Many people who are unfamiliar with addiction, and even those who think or talk about the disease every day, may find themselves unintentionally using words that perpetuate negative stigmas surrounding those with substance use problems. These words can shape or feed into the opinions of others, or even reveal longstanding stereotypes about addiction.
Some individuals may not realize the impact of the words they use. Increased addiction education and awareness can help combat some of the lingering negative stigmas and language that people with substance use issues hear every day, making it easier for them to recognize their addiction as a disease and focus on getting the treatment they need.
Starting today, become more conscious of the addiction terms and language you use. Below are a few commonly used words or phrases related to addiction that may seem benign, but which can actually feed into harmful addiction stereotypes.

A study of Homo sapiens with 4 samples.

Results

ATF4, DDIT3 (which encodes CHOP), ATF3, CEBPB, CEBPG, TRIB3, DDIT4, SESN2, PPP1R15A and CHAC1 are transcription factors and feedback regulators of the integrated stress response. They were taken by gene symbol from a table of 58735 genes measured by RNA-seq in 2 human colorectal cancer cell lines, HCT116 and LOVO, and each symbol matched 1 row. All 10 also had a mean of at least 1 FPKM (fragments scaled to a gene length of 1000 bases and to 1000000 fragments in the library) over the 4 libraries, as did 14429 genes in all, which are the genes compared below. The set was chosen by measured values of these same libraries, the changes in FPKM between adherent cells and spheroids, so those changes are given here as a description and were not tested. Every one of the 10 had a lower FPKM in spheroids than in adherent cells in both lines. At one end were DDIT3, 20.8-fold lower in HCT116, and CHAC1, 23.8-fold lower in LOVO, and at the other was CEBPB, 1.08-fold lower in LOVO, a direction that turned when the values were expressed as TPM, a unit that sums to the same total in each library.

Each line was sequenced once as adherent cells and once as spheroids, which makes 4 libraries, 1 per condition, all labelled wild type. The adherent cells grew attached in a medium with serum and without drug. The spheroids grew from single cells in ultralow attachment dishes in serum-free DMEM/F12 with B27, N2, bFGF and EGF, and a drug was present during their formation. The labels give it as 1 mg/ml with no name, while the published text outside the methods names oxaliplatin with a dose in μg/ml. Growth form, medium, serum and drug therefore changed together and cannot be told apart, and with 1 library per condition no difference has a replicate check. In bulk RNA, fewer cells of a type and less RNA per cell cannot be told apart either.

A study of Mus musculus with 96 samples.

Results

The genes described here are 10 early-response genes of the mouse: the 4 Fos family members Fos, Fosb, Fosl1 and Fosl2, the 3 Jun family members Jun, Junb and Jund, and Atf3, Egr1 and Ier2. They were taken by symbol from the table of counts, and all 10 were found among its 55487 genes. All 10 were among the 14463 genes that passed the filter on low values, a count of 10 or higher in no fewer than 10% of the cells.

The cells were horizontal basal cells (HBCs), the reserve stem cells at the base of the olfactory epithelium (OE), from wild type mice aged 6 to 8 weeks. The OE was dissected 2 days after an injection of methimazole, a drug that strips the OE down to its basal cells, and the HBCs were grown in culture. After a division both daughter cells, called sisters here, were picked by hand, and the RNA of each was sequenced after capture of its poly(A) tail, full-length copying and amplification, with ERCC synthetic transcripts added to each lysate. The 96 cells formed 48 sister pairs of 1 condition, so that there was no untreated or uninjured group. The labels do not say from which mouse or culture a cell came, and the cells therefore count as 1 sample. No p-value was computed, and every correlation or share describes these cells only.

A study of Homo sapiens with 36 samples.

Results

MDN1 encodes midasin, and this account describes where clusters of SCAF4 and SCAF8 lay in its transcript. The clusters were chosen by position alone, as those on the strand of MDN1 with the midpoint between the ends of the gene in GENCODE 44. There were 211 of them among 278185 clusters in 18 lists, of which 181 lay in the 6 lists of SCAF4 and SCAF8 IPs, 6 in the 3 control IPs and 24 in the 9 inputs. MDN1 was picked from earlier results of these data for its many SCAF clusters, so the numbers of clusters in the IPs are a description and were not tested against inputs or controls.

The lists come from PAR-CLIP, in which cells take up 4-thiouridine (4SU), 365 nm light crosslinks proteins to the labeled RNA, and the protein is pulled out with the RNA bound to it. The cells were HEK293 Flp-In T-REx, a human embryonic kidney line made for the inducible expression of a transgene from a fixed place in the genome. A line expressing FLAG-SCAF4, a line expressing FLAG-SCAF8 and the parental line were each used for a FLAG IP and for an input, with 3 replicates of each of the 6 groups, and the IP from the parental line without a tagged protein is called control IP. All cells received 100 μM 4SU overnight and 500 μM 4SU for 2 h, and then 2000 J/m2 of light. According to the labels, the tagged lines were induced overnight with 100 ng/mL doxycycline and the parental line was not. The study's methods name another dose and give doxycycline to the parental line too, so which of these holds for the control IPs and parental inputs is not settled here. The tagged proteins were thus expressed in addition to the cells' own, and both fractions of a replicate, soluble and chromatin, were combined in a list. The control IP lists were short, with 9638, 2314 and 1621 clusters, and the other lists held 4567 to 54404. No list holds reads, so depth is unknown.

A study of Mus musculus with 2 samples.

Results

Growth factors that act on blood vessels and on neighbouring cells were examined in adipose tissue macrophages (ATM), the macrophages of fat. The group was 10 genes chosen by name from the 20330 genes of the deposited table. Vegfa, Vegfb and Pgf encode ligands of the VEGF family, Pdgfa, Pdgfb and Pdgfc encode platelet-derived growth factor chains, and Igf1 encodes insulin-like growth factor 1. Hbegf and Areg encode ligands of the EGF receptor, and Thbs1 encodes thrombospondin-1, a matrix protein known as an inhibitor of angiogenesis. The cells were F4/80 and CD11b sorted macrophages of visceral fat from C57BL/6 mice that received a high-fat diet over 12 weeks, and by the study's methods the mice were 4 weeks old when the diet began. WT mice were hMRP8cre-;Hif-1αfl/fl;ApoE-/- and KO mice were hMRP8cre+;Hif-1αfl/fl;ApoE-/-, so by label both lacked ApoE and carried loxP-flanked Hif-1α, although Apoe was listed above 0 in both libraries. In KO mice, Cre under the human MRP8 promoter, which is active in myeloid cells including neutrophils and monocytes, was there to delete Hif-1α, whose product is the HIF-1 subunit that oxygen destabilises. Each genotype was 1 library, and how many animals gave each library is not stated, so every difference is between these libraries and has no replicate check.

These words are often associated with violence, anger or a lack of control. According to Harvard Health Publications, clinicians are more likely to recommend a punitive treatment for a person described as an “abuser.”
A person who has abstained from using drugs or alcohol might refer to themselves or be referred to by others as “clean,” and negative results of a drug test may casually be described as “clean” (no evidence of use). However, this implies that a person still struggling with a dependence on drugs or alcohol is inherently “dirty” or bad.
The use of this term applies to discussions surrounding treatments for opioid dependence like methadone, Suboxone and Vivitrol. By describing them as “replacements,” it minimizes the validity of these treatments and implies that the individual is still actively using drugs. Methadone, Suboxone and Vivitrol are nothing more than medications prescribed to a person suffering from an illness.
Referring to an individual as an addict reduces their identity down to their struggle with substance use. Instead, experts and those in the addiction treatment industry have shifted toward people-first language: “a person with a drug addiction,” for example, is a better option than the dehumanizing “addict.”
A habit is something that can easily be broken through persistence or willpower. Addiction is more complicated than that, and, as a disease of the brain, requires medical treatment in addition to an emotional commitment to treatment and recovery.